Ussaid Shaikh is an 18 years young adult who has chased his dreams of being a dancer fighting his developmental challenges. We will know more about him through his mother’s words:
“Ussaid was one and a half years young when he was diagnosed of autism. His speech was delayed and he didn’t respond much to people around him. He has been undergoing therapy since then. He was fond of music and started playing the piano and keyboard ever since he was four years old. He continued to play it till he was 13. He has been doing various physical activities since childhood, like tennis, skating and swimming which have been very helpful with his development.
When he was in his tenth standard, he observed that his friends were getting public attention from dancing. He started imitating their dance moves. I was surprised when his professors informed me about Ussaid’s talent in dancing and they suggested that he should be trained in dance.
I was overwhelmed to see him perform at his fresher’s party. I couldn’t resist encouraging him after seeing his enthusiasm and eagerness towards dance. I started noticing changes in him. He was no more distracted with the loud music and dance took away his sensory pain. He was confident on stage and well in-sync with his co-dancers and he never missed a move.
A competition had come up and he called his dance teacher to choreograph a song for him. We recorded him dancing and sent it out for a competition. Later I got to know that he was selected for the competition and to add to my excitement, I realised through Facebook that he was selected from a pool of dancers who were regular children from all over India.
Last summer, he had gone for a stage show with the Bollywood choreographer Shiamak Davar, through his friends. Mr. Davar noticed him and appreciated the hard work he put in. One day Ussaid got a call from Shiamak’s academy to tell him that they wanted him to be part of their professional dancing team and officially he will be getting paid. I was confused about sending him, since it was his twelfth standard academic year. I got advice from many people to not send him as it will distract him from his studies since involved six to seven hours of daily rehearsals. But I didn’t want take this opportunity away from my child either.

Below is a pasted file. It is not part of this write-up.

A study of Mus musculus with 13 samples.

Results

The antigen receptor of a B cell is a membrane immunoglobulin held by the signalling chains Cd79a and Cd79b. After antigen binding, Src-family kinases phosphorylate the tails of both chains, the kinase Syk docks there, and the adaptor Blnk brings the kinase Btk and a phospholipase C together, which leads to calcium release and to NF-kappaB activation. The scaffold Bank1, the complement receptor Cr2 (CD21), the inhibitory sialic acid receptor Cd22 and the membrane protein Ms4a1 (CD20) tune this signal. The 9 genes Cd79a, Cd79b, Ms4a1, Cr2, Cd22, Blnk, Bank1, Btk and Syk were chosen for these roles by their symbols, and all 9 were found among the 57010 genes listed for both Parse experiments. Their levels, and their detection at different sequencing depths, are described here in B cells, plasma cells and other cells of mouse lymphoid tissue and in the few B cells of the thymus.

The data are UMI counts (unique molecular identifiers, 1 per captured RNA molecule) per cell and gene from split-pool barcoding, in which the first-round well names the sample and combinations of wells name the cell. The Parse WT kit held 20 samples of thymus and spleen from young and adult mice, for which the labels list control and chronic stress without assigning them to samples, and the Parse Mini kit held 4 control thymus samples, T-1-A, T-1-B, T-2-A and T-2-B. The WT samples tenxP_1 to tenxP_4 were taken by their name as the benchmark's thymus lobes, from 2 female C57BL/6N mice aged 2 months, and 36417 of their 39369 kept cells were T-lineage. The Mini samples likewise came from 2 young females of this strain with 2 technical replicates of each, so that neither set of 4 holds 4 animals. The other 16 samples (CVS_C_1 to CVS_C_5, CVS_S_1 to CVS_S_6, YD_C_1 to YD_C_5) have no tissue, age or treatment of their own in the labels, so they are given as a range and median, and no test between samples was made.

He is so fond of dancing that when it comes to his dance practice and programmes, Ussaid adjusts very well to a hectic schedule, last minute change in the schedule, long hours of rehearsals, quick costume changes, new locations and new choreographers – things children with autism and their parents struggle to cope with. He had a hectic schedule during the academic year which he balanced very well. He had to take direct instructions and act accordingly, change his costumes in two to three minutes, sync himself with the song and the dance moves. Every time it was a new location, new choreography and I watched him adapt to everything with wonder and admiration in my eyes.
He used to get only two hours to study after his rehearsals and other daily schedules and still he made me extremely proud and happy that he scored 70% marks in his twelfth standard board exams. It was not an easy task for him to do all these things due to his autistic history, but he worked hard to achieve what he wanted. I was surprised by how being physically active and having fun doing that had changed him drastically into a different person.”